High concentrations of pharmaceutical residues have been measured not only in the bodies of water of industrialised countries but also in those of many developing and emerging countries. Initial results of the UBA project report that over 630 different pharmaceutical active substances and their degradation products have been traced in the environment worldwide. There are 17 substances which occurred in every region of the world. The greatest amount of available data up to now is on the painkiller and anti-inflammatory drug diclofenac. Its active substance has been detected in the bodies of water of 50 different countries in all. In 35 of these countries the measured concentrations in water exceeded 0.1 micrograms per litre – a figure close to the concentration determined in laboratory tests at which damage to fish was observed. This level has also been considered as a quality standard for surface water in the EU. The EU Member States have now agreed to take regular measurements of the concentrations of this substance and to develop countermeasures for the event that the level is exceeded. In addition to the 'blockbuster' diclofenac, some of the other widespread substances around the world include the antiepileptic drug carbamazepine, the painkiller ibuprofen, the contraceptive hormone ethinylestradiol and the antibiotic sulfamethoxazole.
Data availability on the occurrence of pharmaceuticals in the environment for Germany, the other EU countries, North America and China has improved markedly in recent years. In contrast, little was known about the global situation. Whereas there is plentiful information and publications on the countries in Western Europe, it is lacking for Africa, Latin America and Eastern Europe. In particular, public information on contamination of the environment in some of the leading producer countries such as India was virtually unavailable.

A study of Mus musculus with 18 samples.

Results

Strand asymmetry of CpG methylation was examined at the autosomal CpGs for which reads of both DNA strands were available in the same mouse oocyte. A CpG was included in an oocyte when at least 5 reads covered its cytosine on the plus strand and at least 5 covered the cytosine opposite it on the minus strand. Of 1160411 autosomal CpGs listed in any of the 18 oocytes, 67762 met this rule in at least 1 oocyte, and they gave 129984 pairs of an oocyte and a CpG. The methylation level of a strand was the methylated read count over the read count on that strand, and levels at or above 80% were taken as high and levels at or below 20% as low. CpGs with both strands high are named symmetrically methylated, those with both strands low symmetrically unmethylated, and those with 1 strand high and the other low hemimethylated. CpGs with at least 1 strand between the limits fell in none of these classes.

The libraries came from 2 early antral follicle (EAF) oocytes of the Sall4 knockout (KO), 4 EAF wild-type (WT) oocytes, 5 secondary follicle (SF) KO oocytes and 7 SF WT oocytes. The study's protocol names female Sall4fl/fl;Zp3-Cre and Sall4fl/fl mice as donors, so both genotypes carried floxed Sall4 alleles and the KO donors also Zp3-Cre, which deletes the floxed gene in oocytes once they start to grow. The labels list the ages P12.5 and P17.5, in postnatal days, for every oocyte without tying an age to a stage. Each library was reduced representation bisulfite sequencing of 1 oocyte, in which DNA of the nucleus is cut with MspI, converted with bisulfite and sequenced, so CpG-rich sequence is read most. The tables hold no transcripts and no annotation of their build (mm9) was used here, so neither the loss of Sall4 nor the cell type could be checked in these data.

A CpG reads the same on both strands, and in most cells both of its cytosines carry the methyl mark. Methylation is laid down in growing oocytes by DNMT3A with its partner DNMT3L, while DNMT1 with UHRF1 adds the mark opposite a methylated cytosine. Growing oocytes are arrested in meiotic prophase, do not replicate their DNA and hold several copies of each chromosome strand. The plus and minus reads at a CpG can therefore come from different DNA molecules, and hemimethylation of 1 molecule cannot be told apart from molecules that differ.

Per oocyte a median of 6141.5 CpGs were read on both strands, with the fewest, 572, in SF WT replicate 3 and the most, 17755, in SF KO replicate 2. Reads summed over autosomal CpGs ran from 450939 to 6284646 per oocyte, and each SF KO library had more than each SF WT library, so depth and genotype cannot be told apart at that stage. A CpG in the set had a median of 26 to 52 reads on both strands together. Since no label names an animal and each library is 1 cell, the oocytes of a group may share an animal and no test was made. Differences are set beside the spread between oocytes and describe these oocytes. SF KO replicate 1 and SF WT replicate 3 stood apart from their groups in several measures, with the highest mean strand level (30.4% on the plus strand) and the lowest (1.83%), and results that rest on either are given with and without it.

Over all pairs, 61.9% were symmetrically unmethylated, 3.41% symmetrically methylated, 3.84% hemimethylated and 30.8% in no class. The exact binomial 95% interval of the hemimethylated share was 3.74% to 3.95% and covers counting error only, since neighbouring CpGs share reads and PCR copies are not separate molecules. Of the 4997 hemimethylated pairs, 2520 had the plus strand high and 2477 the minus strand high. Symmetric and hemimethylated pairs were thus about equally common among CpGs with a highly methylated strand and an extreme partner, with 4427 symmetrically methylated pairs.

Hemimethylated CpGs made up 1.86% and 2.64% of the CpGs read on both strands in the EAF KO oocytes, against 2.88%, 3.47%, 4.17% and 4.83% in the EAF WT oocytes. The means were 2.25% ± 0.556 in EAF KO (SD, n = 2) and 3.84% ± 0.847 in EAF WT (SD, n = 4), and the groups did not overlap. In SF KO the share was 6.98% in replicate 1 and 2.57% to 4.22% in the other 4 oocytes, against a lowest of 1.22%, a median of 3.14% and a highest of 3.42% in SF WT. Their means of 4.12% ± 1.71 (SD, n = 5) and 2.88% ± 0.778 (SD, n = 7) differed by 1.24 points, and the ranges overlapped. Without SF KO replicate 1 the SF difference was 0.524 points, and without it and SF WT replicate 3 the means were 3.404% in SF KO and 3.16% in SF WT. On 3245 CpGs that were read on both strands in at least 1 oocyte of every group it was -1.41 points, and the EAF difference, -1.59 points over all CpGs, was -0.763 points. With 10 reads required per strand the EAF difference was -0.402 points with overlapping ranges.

Sixty 60 experts from science, non-governmental organisations, politics and industry will be discussing measures for the effective reduction of the worldwide input of pharmaceuticals to the environment at an international workshop which is being held in Geneva on 8 - 9 April. The UBA research project will serve to enshrine ‘pharmaceuticals in the environment’ in the United Nations Environment Programme (UNEP) as a new emerging issue under the Strategic Approach to International Chemicals Management SAICM. Specific measures with global applicability will follow if the endeavour is successful.
Pharmaceuticals in the environment
The primary path to the environment for human drugs is domestic wastewater. The drugs are usually not fully broken down after ingestion and are subsequently excreted. Wastewater treatment plants often do not have the capacity to filter out all pharmaceutical residues. Where wastewater treatment plants are absent these substances have a direct pathway into bodies of water, where they cause harm to plants and animals. Veterinary drugs enter soil and water primarily via the slurry and manure of treated animals. There is little information up to now about the long term effect of these substances on ecosystems, but both laboratory and field experiments have proven such negative effects as reduced growth, behavioural changes or decreased reproductive capacity of organisms in the environment.
Hormones, antiparasitics and certain painkillers have emerged as particularly relevant to the environment since they are ecotoxic in even the smallest concentrations and are also very persistent.
Strategic Approach to International Chemicals Management (SAICM)
SAICM is an international, UN-led policy framework to promote chemical safety around the world. Its objective is, by 2020, for chemicals to be produced and used in ways that minimize significant adverse impacts on human health and the environment.
“Global Relevance of Pharmaceuticals in the Environment" is a research project by the IWW Water Centre in Mülheim an der Ruhr and adelphi consult GmbH in Berlin on behalf of the Federal Environment Agency. The project represents a systematic analysis of the current state of knowledge on the worldwide occurrence of pharmaceuticals in the environment. The IWW evaluated over 1,000 scientific publications and other sources from more than 70 different countries. It conducted interviews with experts from various countries. The first summary of this data has been reported according to region and published on the project webpage. The research project started in 2012 and will run until the middle of 2015.